Thursday, June 26, 2014

From Survival to Revival - Auckland's Public Transport since 1860

Graham Bush
Grantham House $55.99

This is story of the evolution of Auckland’s public transport since early colonial times which reveals much about the development of the city.
From the pioneer entrepreneurs  operating plodding horse-buses, through the dynamic construction of an outstanding electric tram system, a network of harbour ferry services and a brief interlude of trolley-buses to the electrification of suburban rail and the ubiquitous diesel bus, public transport has played a vital part in Auckland’s living and lifestyle – this book tells it all.

It is a lavishly illustrated, wonderfully researched, right-up-to-date book which many Aucklanders are going to find fascinating. I certainly did. Reading about Mayor Robbie's rapid rail plans made me regretful that the plan didn't get the go ahead at the time. Interesting too to read that Jim Anderton, then "one of only two Labour councillors on the city council was vociferously opposed to the scheme on both planning and financial grounds".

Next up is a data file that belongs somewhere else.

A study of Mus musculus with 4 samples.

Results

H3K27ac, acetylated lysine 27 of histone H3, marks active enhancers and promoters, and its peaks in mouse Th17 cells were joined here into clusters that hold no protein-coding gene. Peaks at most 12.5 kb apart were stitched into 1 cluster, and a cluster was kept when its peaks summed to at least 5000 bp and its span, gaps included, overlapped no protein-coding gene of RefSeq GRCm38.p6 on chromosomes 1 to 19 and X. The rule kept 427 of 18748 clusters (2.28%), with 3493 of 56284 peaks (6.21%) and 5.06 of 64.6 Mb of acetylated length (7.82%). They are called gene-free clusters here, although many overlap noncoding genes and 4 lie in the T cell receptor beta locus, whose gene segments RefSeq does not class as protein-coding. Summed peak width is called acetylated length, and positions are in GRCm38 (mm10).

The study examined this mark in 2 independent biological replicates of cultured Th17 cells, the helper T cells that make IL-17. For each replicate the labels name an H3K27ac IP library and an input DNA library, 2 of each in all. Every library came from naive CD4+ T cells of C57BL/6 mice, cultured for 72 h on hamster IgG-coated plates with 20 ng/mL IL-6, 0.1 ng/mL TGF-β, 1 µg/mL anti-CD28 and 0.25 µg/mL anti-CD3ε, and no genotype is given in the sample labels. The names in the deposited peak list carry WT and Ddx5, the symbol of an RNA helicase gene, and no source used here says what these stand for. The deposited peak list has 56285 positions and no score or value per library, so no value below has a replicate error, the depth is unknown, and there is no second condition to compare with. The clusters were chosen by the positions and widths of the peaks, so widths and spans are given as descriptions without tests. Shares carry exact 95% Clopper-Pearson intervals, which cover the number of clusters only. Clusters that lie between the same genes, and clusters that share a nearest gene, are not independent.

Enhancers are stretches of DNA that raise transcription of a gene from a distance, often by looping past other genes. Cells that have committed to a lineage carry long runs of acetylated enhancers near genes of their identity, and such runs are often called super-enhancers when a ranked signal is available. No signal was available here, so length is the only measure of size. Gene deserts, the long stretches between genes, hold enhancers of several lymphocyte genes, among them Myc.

Dr Graham Bush is a former Associate-Professor of Political Studies at the University of Auckland where for twenty-five years he specialised in the teaching and research of New Zealand local government. He is the author of seven books, including two histories of the Auckland City Council and two editions of the text, Local Government and Politics in New Zealand. His most recent work is The History of Epsom (2006), of which he edited and was the principal contributor.

A lifelong Aucklander, Dr Bush has been active as a public transport advocate since the early 1980s. He was a member of the Auckland Regional Land Transport Committee from 1999 until 2008 and since then has been secretary of the Auckland-based Campaign for Better Transport.

I will be talking to Mark Sainsbury on Radio Live this Sunday about this book. Mark once drove trolley buses so I suspect he will be especially interested in this title.